HARRISBURG, Pa. (WHTM) — Schools being closed is not just raising concern about the academic health of children, but many are now worrying about their physical well being.

Teachers, administrators, and school staff are mandated reporters and the first line of defense against child abuse and neglect. Now, that defense is gone.

School’s out, children are home, and fewer people are watching to make sure kids are alright.

“Mandated reporters make the highest number of reports and they’re not seeing children right now,” says Angela Liddle of PA Family Support Alliance.

ChildLine is an abuse reporting hotline which typically receives 18,000 calls a month.

That figure has dropped 50% and not because abuse and neglect have been cut in half. In fact, experts say, the opposite is probably true in our shelter in place state.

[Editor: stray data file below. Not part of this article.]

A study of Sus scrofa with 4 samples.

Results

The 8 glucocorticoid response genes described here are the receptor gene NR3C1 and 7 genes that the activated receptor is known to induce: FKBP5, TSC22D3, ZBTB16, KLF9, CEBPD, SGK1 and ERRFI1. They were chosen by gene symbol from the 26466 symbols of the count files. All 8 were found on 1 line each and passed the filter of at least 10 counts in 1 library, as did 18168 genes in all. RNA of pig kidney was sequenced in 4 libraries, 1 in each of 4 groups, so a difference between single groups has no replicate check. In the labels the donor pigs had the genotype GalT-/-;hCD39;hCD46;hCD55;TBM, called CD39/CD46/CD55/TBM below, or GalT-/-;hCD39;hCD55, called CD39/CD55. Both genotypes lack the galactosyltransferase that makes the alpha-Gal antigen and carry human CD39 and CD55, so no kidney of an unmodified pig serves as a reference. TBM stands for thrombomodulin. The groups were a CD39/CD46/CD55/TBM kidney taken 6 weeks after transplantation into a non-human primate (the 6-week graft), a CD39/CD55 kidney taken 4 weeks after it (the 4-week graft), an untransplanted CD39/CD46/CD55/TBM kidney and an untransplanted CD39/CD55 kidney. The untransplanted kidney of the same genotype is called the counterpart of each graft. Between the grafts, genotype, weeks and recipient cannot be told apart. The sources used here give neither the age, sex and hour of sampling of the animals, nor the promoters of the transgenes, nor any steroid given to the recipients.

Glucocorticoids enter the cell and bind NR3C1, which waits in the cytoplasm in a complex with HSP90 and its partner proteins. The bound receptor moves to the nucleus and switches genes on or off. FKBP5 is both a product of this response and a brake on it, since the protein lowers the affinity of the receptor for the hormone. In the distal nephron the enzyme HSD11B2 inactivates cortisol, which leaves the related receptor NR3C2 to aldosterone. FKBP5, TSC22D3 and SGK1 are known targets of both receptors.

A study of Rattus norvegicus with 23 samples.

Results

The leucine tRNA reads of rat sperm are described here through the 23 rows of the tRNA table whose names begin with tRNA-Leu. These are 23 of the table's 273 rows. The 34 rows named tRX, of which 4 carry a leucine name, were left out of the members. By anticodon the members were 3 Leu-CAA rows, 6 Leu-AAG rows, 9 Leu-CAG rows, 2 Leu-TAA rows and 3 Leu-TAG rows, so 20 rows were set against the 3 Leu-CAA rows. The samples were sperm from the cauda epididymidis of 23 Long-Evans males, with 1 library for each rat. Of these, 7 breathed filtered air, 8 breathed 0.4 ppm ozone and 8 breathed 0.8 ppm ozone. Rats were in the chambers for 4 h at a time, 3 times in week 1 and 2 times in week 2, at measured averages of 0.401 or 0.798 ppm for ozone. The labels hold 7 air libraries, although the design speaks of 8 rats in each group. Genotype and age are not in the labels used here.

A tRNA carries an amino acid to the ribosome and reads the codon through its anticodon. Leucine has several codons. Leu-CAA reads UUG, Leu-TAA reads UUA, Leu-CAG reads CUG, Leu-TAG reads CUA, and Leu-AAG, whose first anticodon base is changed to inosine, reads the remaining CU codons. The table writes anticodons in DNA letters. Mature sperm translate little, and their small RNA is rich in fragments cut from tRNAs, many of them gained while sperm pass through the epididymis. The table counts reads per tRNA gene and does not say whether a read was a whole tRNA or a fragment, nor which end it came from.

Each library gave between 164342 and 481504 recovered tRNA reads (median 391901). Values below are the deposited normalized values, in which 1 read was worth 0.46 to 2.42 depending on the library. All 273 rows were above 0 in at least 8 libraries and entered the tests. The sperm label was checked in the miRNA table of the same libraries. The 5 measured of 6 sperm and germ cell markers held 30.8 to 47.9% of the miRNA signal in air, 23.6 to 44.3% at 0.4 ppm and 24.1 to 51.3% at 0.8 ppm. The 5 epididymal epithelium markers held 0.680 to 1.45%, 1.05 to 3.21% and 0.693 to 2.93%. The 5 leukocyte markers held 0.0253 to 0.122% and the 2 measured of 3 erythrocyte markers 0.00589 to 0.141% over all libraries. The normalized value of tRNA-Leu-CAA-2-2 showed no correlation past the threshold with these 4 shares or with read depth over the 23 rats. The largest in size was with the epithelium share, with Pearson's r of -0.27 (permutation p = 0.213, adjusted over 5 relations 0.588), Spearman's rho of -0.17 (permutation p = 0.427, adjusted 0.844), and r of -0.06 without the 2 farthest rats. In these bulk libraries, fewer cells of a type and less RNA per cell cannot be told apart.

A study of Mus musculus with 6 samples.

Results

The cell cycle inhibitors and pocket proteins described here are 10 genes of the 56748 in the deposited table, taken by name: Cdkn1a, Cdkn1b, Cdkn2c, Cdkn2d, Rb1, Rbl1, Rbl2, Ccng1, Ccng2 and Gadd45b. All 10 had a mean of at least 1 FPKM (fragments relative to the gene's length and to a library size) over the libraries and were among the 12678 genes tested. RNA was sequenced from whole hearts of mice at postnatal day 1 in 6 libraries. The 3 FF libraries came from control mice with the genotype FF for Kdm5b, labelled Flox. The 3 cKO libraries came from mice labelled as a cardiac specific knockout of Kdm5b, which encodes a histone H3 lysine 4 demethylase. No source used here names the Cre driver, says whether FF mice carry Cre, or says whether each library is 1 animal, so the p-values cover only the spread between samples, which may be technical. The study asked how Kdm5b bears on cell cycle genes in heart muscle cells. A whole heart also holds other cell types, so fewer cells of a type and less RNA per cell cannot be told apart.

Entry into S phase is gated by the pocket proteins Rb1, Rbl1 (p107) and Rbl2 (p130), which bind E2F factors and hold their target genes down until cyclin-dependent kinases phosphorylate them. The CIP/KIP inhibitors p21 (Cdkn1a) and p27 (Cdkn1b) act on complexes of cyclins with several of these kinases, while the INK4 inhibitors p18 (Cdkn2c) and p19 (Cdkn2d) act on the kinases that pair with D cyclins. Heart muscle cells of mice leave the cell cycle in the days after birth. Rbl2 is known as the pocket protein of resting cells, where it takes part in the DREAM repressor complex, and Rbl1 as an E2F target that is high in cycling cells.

“Imagine if you’re not used to parenting 24 hours a day and suddenly you have food insecurity, look at the lines of people picking up food,” Liddle said. “It doesn’t take much for a parent to snap. It’s a hard time for everyone.”

State Representative Tarah Toohil (R-Luzerne) has set up a task force and says elected officials and school staff need to engage.

“Since the school districts have food that they are dispersing in the community, they do have the ability to see families and they know who those red flag families are and they’re able to keep a watch out on families,” Toohil said.

She says mandated reporters have the power to follow up on cases they’ve previously reported. Toohil has previously criticized the governor for shuttering school days before Easter weekend, which she thought was premature.

“Maybe the end of June there would have been weeks they were able to make-up and those teachers would have eyes on those children and more contact with the kids,” Toohil said.

If you are a parent and are struggling, there are resources to help and you can access them through the Pennsylvania Family Support Alliance’s website here.